Mobile phone bills could rise as Ofcom trebles annual fees for operators
Mobile phone customers could face higher bills after Ofcom announced it is to treble annual fees for operators.
The regulator has concluded that operators should pay a combined annual total of £199.6 million per year for the 900MHz and 1800 MHz spectrum bands, which are used for 2G, 3G and 4G voice and data services.
The figure is 13% lower than Ofcom's earlier proposals in February but more than three times the current fee.
The fees vary for each operator depending on the bandwidth they use.
Vodafone and O2 will see their fees more than triple from £15.6 million a year to £49.8 million, while EE's charges will rise from £24.9 million to £75 million and Three's will change from £8.3 million to £25 million.
Half the increase will be payable in from October 31 and the second half a year later, with full fees payable annually from that point.
Ofcom's group director of spectrum, Philip Marnick, said: "We have listened carefully to the arguments and evidence put forward by industry, and conducted a complex and comprehensive analysis to determine the new fees.
"The mobile industry has not previously had to pay market value for access to this spectrum, which is a valuable and finite resource, and the new fees reflect that value."
The price comparison site cable.co.uk said it was fair for providers to pay for a finite resource but warned the money "has to come from somewhere".
Dan Howdle, the site's telecoms spokesman, said: "There can be absolutely no doubt as to the fairness of simply ensuring the UK's mobile network providers pay a fair price for what is absolutely a finite resource.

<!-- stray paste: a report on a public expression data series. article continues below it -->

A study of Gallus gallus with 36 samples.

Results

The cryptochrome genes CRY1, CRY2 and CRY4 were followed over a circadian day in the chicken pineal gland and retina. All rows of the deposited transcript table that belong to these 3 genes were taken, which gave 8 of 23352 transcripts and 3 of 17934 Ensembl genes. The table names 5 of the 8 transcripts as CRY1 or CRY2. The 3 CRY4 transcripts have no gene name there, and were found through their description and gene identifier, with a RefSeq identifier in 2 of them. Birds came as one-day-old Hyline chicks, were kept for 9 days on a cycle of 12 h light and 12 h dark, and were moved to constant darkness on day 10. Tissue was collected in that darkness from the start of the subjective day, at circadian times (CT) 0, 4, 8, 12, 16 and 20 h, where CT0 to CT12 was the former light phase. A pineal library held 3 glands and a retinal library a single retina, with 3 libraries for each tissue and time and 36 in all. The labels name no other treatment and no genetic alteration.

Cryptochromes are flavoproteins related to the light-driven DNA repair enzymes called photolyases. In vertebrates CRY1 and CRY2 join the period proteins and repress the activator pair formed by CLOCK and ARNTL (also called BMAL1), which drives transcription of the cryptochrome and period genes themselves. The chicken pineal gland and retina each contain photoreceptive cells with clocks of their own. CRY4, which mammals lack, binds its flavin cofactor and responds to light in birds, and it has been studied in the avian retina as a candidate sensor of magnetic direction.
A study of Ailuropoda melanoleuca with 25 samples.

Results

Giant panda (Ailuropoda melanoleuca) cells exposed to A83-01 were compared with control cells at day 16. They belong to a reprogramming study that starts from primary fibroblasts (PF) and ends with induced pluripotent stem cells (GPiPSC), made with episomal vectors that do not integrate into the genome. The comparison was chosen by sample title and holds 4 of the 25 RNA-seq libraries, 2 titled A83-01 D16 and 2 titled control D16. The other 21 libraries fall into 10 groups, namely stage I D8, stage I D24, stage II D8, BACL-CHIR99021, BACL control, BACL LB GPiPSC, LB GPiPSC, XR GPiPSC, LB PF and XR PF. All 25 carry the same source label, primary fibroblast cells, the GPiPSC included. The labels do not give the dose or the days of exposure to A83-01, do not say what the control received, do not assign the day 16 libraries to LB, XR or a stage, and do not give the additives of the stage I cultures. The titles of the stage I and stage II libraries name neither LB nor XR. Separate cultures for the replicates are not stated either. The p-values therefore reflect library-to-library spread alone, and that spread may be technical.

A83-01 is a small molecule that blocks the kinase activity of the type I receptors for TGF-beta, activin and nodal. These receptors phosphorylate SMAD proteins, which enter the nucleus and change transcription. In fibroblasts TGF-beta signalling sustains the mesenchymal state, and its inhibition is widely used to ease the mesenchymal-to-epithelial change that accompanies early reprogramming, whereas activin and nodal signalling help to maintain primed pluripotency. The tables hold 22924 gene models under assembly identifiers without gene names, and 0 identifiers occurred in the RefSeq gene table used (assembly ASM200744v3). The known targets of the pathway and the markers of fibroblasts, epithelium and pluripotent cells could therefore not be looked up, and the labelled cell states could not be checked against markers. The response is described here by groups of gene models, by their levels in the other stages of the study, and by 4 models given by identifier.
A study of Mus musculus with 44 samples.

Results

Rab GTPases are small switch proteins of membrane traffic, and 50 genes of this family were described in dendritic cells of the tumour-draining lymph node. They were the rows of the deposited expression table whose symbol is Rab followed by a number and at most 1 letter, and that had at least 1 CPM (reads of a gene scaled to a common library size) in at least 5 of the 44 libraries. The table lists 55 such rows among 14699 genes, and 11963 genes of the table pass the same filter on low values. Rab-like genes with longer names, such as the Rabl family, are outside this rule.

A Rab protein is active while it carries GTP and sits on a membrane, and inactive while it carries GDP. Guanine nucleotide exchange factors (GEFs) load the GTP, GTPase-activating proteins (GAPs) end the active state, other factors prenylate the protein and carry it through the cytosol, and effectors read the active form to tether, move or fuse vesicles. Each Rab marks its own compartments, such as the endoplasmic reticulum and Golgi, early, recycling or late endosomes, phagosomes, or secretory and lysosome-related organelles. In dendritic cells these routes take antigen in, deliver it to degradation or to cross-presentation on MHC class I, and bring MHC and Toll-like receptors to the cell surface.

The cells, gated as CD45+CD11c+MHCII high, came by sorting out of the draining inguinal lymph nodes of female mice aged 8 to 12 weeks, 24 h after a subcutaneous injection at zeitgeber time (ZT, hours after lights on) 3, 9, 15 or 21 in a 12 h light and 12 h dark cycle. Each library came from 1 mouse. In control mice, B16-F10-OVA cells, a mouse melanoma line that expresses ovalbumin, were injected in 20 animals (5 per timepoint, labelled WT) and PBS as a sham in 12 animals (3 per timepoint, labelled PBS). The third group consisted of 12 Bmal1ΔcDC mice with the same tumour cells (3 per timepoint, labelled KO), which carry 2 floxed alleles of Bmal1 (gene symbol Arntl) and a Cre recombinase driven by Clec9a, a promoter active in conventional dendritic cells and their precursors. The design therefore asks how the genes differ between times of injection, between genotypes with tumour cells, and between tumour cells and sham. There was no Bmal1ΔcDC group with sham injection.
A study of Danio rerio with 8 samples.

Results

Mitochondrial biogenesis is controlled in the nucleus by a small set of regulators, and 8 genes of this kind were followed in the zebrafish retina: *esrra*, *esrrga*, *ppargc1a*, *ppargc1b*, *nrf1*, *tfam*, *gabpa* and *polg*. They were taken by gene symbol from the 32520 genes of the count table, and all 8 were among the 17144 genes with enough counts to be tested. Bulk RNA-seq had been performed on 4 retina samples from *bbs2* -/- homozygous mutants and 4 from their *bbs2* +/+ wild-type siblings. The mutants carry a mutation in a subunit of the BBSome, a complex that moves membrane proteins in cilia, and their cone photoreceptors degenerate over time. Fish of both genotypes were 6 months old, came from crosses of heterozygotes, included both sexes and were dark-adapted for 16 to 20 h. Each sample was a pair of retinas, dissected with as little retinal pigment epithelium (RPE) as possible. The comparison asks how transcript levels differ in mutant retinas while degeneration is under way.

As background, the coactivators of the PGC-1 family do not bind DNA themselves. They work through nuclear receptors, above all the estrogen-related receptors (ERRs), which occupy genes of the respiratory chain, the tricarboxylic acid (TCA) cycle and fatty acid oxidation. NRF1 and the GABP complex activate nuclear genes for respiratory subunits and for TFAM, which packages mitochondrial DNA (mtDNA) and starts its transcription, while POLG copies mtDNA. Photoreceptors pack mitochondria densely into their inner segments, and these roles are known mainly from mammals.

"But, of course, the money has to come from somewhere. And while, on paper, O2, Vodafone, Three and EE appear in arguably rude health from the perspective of their announced operating profits earlier this year, behind closed doors they are unlikely be happy to see their war chest diminished.
"That Ofcom is 'phasing in' the move to a yearly lump-sum payment for the licence fees will make it especially difficult to detect when, if and how these costs will be passed on to consumers, either directly or indirectly via the fees paid by mobile virtual network operators such as Virgin Mobile and giffgaff to piggyback their network infrastructure."
Ofcom said it did not agree that bills would have to rise as a result of the fees increase.
A spokesman said: "Mobile operators have a strong incentive to keep prices competitive. The operators have had five years' notice that the fees would be increased to reflect full market value and we expect them to have budgeted for this.
"The fees announced today are in line with analysts' expectations and with the amounts that operators pay for accessing spectrum in other countries."